Kitten Season Resources

estimated 3 min read

It’s spring and that means kitten season has arrived. I don’t have any fosters yet, but there are local bottle babies growing and learning how to kitten. Last year was very strange because I was kept in reserve for my unique skill set … all year.

While I wasn’t actively fostering, I wasn’t idle. I read extensively and worked on filling in gaps in my knowledge. I’d had a few very tough cases in 2019 and wanted to better understand felines so I could help them. Dot and Shadow benefited from what I learned and were showered with even more love and attention this past year.

I’ve begun to organize all my kitten resources at pennyshima.com/kittens. At the moment it’s still in its early stages, right now it’s mostly links to resources I find helpful as well as several articles I’ve written. In the future I hope to include some of the forms created to help me manage my kittens and also a photo album of the kittens I’ve worked with over the years.

Following are two reviews of resources I found incredibly helpful. The first is a course that teaches you how to be a more effective and beneficial volunteer with animals in a shelter system and many lessons can be applied to fostering situations. The second is a book that I was initially hesitant to read but I’m thrilled to be able to recommend it.

Course Review

Fear Free Shelters

As a volunteer with the Humane Society of Westchester at New Rochelle, I qualified to take the Fear Free Shelters Course. It is geared primarily to working with animals in a shelter environment and covers both dogs and cats. The lessons covers how to assess the emotional state of animals in your care and ways to reduce stress.

Since I had limited felines to work with to practice my newfound skills, I applied what I learned and Dot gained the confidence to curl up and nap in my lap. We both may have gained some weight from all the treats we used as I learned this training method.

Now I’ve pulled out my notes as I begin to anticipate being around strange people once we get vaccinated.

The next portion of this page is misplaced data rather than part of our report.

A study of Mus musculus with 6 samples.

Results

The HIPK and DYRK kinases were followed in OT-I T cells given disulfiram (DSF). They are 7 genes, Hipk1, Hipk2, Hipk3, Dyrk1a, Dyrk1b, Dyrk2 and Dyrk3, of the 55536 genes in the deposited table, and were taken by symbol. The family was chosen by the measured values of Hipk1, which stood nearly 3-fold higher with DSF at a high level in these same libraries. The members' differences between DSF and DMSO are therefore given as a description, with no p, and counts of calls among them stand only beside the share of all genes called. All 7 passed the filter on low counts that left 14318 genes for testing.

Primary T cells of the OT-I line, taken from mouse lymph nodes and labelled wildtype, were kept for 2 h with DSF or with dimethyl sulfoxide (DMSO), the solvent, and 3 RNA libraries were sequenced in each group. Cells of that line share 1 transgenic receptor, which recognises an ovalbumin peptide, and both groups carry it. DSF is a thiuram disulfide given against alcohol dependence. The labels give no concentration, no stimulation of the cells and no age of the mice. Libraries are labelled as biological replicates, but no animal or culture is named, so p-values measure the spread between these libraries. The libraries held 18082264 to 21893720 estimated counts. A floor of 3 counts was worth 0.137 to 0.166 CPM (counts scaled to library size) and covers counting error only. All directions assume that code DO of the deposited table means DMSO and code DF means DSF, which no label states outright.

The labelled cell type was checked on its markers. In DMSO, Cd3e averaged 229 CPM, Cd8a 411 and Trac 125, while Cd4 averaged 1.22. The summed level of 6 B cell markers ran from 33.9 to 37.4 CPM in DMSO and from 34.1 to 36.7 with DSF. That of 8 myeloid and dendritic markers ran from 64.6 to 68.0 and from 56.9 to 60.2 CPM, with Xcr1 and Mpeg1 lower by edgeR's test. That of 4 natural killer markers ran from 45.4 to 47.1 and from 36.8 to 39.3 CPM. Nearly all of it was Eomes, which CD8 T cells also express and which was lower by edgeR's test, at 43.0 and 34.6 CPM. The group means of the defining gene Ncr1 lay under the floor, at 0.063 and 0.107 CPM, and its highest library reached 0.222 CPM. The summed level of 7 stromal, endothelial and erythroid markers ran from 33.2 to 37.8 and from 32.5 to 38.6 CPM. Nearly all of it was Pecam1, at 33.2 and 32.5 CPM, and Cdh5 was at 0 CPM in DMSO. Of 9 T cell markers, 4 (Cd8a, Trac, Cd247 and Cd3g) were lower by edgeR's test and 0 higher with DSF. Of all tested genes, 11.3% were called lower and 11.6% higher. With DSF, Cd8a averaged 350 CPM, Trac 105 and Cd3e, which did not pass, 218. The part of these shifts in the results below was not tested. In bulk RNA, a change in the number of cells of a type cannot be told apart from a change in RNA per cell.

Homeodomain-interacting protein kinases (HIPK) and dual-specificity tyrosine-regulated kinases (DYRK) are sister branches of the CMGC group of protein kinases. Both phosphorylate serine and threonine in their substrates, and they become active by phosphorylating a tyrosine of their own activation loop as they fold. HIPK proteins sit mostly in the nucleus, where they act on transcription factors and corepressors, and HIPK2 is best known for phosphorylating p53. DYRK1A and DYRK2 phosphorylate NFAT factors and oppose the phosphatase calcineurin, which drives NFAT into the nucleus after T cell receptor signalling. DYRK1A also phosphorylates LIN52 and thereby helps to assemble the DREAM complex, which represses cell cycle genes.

Book Cover for Tiny but Mighty

Book Review

Tiny But Mighty
by Hannah Shaw

I’m hesitant of any book that has a considerable amount of hype. This title was no exception, I follow Shaw and her partner on Instagram. Yes, she’s The kitten lady, but would this actually be a helpful book?

Yes.

This is the book I wish I had the afternoon we brought our first group of five adorable kittens home for socialization. So much has changed since 2013; the amount of resources that are widely available is remarkable.

This book covers everything you need to know to help kittens. Chapters include explanation of development stages, ways to treat diseases (tip: find a medical professional), TNR programs, how to result in a successful adoption, ways to prevent compassion fatigue (burnout), and of course lots about poop. It’s well organized and there are example kitten stories to help you learn that you’re not alone in navigating this often scary world of helping kittens in need. I enjoyed listening to the audiobook while snuggling Dot.

This is a great book I highly recommend for those curious about fostering and want to know everything first, for those getting started and want a resource you can read to your kittens, and for experienced fosterers — I’m sure you’ll learn something, I did!